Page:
In order to appreciate the cause for the condition known as diabetes, one must first look at what occurs in the body of a healthy individual, particularly after such an individual has recently eaten a food that is high in carbohydrates (sugar or starch). Digestive juices rapidly act on a starch, changing it to a simple sugar. All sugars in digested food mix with all the foods in the stomach. That mix in the stomach then enters the intestines.
The nutrients in the fluid of the intestine must reach the cells of the body. The intestinal wall allows passage of sugar from the intestinal cavity into the bloodstream. That passage takes place in both a healthy individual and in an individual with diabetes. Once the bloodstream has acquired sugar from the intestines, then special endocrine cells in the pancreas get a signal. That signal tells those cells, located in the Islets of Langerhans, to release insulin (a chemical that acts on the body's cells).
The specific pancreatic cells in a healthy individual respond quickly to the "call" for insulin. The Islets' cells in a diabetic do not give the proper response. If a person has Type 1 Diabetes, then his or her pancreatic cells lack the ability to produce even a drop of insulin. If a person has Type 2 Diabetes, then his or her once well-functioning Islets' cells demonstrate a sharply diminished ability to make insulin. In either case, the body's cells do not receive the chemical message that facilitates the absorption of blood glucose by those same cells. Because the cells of a diabetic lack the ability to absorb glucose from the blood, the cells of a diabetic become deprived of a needed energy source.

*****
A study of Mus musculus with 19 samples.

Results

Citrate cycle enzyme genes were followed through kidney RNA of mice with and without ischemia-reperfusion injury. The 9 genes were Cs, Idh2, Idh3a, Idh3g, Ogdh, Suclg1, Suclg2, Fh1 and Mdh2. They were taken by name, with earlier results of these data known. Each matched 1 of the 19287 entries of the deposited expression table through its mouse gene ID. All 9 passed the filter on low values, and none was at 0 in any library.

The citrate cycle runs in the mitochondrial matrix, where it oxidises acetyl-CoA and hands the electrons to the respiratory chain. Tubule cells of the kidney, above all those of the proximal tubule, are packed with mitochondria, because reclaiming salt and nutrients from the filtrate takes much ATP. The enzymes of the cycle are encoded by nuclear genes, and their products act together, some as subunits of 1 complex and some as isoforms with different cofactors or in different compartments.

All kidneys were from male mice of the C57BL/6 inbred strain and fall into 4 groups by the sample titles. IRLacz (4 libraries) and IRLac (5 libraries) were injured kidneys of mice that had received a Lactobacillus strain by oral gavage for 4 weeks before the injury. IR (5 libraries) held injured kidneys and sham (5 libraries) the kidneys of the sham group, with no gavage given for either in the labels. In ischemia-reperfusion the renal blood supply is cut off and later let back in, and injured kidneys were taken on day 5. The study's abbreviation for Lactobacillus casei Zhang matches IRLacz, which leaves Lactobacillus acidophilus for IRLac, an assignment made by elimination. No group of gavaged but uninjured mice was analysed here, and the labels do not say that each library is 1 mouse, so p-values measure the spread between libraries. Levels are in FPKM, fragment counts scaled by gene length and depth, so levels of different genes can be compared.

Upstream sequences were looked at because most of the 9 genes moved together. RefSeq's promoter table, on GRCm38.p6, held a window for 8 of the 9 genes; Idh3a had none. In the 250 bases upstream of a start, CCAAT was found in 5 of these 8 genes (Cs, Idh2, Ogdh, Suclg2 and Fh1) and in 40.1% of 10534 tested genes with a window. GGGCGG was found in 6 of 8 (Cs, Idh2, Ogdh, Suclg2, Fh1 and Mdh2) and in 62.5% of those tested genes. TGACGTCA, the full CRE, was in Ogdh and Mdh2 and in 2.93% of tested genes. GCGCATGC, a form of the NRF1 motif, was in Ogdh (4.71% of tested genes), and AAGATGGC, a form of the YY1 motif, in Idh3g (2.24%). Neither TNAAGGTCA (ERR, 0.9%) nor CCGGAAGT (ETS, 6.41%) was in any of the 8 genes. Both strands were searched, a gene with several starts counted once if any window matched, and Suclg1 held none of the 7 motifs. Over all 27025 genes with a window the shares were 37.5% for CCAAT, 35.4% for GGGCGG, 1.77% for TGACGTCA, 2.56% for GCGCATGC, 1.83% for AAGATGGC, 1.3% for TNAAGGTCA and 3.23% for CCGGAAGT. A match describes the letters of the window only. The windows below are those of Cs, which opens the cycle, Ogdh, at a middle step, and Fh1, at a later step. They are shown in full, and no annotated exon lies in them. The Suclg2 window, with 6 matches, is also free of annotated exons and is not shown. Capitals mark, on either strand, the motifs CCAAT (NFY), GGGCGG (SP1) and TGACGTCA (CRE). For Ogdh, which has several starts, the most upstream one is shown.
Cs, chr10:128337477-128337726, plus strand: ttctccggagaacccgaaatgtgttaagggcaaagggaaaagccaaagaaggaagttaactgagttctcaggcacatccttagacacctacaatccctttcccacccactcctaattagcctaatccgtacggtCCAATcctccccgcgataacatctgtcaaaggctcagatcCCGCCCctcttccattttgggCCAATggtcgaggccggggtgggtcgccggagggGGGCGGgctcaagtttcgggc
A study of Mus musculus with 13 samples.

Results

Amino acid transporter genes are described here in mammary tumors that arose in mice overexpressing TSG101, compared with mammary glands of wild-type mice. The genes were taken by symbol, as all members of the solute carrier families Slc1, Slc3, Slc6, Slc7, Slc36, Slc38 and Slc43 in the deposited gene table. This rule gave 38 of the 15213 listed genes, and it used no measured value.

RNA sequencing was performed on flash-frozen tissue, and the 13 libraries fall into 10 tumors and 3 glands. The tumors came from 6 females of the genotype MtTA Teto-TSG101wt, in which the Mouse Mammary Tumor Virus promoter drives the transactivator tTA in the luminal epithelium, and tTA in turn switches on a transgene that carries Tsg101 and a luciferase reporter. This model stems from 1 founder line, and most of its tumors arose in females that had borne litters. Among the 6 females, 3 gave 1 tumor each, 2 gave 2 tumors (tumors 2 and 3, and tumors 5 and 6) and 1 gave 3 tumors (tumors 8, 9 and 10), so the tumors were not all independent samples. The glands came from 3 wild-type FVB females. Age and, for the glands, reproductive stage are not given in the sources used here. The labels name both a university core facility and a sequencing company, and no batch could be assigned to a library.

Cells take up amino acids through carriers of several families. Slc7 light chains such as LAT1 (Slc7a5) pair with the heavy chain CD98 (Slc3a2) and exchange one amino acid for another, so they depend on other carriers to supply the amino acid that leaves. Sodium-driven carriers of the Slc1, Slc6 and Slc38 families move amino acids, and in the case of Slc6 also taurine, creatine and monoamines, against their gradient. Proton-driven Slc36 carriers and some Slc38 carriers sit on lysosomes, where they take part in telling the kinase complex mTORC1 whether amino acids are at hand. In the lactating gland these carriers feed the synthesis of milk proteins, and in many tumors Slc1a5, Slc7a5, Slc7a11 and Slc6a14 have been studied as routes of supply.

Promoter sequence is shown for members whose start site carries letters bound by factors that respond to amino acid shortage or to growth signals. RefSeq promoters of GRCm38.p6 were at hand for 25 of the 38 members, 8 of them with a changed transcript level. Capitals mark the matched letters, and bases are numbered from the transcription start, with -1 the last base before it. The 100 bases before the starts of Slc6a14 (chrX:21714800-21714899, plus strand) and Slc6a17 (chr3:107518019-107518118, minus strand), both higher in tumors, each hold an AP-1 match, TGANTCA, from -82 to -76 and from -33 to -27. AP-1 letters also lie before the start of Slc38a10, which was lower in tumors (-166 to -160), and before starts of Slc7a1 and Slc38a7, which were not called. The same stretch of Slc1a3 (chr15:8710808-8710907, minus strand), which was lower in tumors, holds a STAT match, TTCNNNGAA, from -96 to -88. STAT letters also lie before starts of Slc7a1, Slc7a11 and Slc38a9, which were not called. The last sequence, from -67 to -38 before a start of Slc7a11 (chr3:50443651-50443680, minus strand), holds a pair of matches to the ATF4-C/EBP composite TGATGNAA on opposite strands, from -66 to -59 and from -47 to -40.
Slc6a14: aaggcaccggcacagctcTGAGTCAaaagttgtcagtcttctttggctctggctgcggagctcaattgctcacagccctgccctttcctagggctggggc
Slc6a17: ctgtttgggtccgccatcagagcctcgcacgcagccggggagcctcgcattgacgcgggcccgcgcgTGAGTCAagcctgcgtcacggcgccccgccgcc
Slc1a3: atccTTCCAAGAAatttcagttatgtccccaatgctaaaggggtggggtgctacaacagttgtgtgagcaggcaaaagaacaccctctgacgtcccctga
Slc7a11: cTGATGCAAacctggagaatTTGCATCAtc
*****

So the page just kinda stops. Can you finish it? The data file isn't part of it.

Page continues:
Meanwhile, if the diabetic continues to ingest foods high in carbohydrates, then his or her bloodstream will become "flooded" with glucose. Eventually all of that glucose passes through the kidneys, and it leaves the body in the urine. The physiological changes that take place in a diabetic patient produce certain tell-tale symptoms. The patient might complain about the need for frequent urination. The patient often speaks about having periods of great thirst. The patient experiences repeated periods of unusual and unexpected fatigue.
The above symptoms show up among individuals with both Type 1 and Type 2 Diabetes. A few symptoms are type-specific. For example, in Type 1 Diabetes the patient can experience a rapid weight loss. In Type 2 Diabetes, the patient frequently begins to store more fat, and at the same time that patient could well exhibit a growing desire for sweets and starches.
Type 1 Diabetes is an inherited condition. The treatment for Type 1 Diabetes is insulin. Until recently, that insulin had to come in the form of insulin injections. Newer medical techniques now allow patients to wear an insulin pump. Health professionals struggle to reverse the alarming rise in the reported cases of Type 2 Diabetes.
They encourage the eating of high-fiber foods and foods rich in complex carbohydrates. Such foods do not "flood" the bloodstream with glucose.